Composer and researcher Andrew Hall argues that now is the time for sonic experimentalists to get involved in health and wellbeing.



Experimentalism within ‘Arts in Health’

The field that has come to be known as ‘Arts in Health’ is undergoing a surge in interest at the moment, following a significant 2017 parliamentary report and endorsements from the current health secretary Matt Hancock.  It’s a vast area, encompassing creative work undertaken across all age ranges in a number of healthcare or community settings, and includes everything from live performances to clinical research trials.  In an NHS which is increasingly recognising the importance of mental health and its impact on the physical, interest in the role of the arts in modern healthcare is likely to continue to grow in years to come.

Amidst the developing conversation around ‘Arts in Health’ – or, more specifically, music in health – what is little discussed is the potential role of contemporary musicians, composers, sound artists and technologists, particularly those who might consider their work to be ‘experimental’.  Such work may too readily be dismissed as inappropriate for such settings, not only by commissioners but also by artists themselves

Over the last three years I’ve been working with CW+, the charity for the Chelsea and Westminster Hospital NHS Foundation Trust, and in this time I’ve worked on a variety of music projects throughout the hospital.  I’ve seen first-hand some of the growing demand for the arts in this setting, with clinicians, patients and visitors enthusiastically embracing participatory music workshops, live performances and sound installations (more information on the charity’s ‘Art and Design’ programme can be found here).

However, it was with some trepidation that I made my first steps into this setting, only too aware that my musical training had been based on the ideologies of post-war modernism and the avant-garde.  I felt very keenly the apparent conflict of being an experimental musician in an environment which is already so disorientating, and in which people most desire a return to normality and control.  Over time, however, I began to see the hospital as a fascinating space in which to work: its huge range of environments and diverse demographic of users confronts a musician with challenges relating to choice, agency, emotion, vulnerability and power, and exposes in a very direct way people’s attitudes to both music and technology.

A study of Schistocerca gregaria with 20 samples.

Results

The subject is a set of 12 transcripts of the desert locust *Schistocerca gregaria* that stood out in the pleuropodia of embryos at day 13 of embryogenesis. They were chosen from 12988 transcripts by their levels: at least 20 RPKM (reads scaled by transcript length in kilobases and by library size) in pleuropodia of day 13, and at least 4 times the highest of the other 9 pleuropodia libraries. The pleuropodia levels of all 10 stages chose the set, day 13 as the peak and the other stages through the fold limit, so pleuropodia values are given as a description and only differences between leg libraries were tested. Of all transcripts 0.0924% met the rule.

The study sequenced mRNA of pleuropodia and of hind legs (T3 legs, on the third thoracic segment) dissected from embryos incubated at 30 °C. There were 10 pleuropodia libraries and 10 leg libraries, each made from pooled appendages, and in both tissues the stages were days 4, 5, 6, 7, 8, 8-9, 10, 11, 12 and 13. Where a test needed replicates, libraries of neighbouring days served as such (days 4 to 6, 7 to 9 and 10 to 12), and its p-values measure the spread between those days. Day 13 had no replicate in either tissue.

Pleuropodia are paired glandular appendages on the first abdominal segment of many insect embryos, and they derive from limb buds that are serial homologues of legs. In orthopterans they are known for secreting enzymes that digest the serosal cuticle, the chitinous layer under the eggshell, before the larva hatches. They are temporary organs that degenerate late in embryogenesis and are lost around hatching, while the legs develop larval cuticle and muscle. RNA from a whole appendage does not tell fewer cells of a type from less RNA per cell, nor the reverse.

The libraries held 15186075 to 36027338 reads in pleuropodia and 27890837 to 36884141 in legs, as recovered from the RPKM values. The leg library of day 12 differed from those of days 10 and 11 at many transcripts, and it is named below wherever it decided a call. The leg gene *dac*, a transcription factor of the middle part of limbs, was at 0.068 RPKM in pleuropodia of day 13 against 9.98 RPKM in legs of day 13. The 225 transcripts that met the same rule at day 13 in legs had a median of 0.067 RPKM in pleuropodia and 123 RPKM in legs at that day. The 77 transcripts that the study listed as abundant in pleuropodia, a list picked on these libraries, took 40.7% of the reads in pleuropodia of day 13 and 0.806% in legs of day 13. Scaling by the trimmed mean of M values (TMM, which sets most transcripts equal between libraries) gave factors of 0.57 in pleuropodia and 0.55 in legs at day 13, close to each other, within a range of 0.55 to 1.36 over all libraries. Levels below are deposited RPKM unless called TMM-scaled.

A nurse putting some music on using an integrated iPad on the ward at Chelsea and Westminster Hospital, London.

In this setting I found my sense of experimentalism shifting away from musical content and instead focussing on form, interaction and implementation.  For example, the potential for interactive technologies to empower patients to take control of their sonic environment has become central to this work: one project led to the creation of a vote-based ‘democratic’ jukebox that enables collective music curation in large waiting areas, whilst another used Ableton and MaxMSP to create a system which could adjust the tempo of music playback in accordance with the changing heart-rate of the listener (you can read more about this here).  Elsewhere in the hospital I’ve overseen the development of multi-channel generative soundscapes (in collaboration with the Coda to Coda studio), and collaborated with physiotherapists to create a musical tool to aid fine-motor skill rehabilitation following stroke (the subject of blog posts here and here).

In these and other similar projects, a sense of musical and technological experimentalism was essential.  By treating music and sound as a malleable substance, and by enabling patients to manipulate it, we can give them a sense of control in an environment which tends to be disempowering.  I’m not alone in developing such approaches in this setting: other examples include the BCMI-MIdAS (‘Brain-Computer Music Interface for Monitoring and Inducing Affective States’), a joint project between cyberneticist Slawomir Nasuto and composer-researcher Eduardo Miranda, not to mention the instruments and tools developed by creative music-technologists such as Pedro Kirk.

It would be easy to dismiss this work as being technology-focused, but perhaps the most important contribution of composers in this area is the knowledge of music theory and compositional craft.  The literature on music in healthcare too often reduces music to the status of being ‘relaxing’, at times declaring clinically significant effects for a listener without even giving details of what music has been played.  Composers should be at the centre of these considerations, bringing their knowledge of harmony, rhythm and timbre to bear on a research field which can have a tendency to over-simplify.

This kind of reductionism is also a wider cultural issue of course. But with policies such as ‘Social Prescribing’ likely to bring ‘Arts in Health’ increasingly into public life, experimental musicians have a chance to ensure that approaches to music and sound therein are forward-thinking, diverse and creative.  Now is the time for sonic experimentalists everywhere to get involved with the world of ‘Arts in Health’, and in doing so bring the vibrancy of their practices to this fast-evolving frontier of public engagement.

Andrew Hall is a composer, performer and music researcher based in South London.  He is the Music and Sound Research Consultant for Chelsea and Westminster Hospital, where he specialises in researching uses of new music and sound technology in healthcare. His original music has been performed across the UK and Europe, and featured on BBC Radio 3.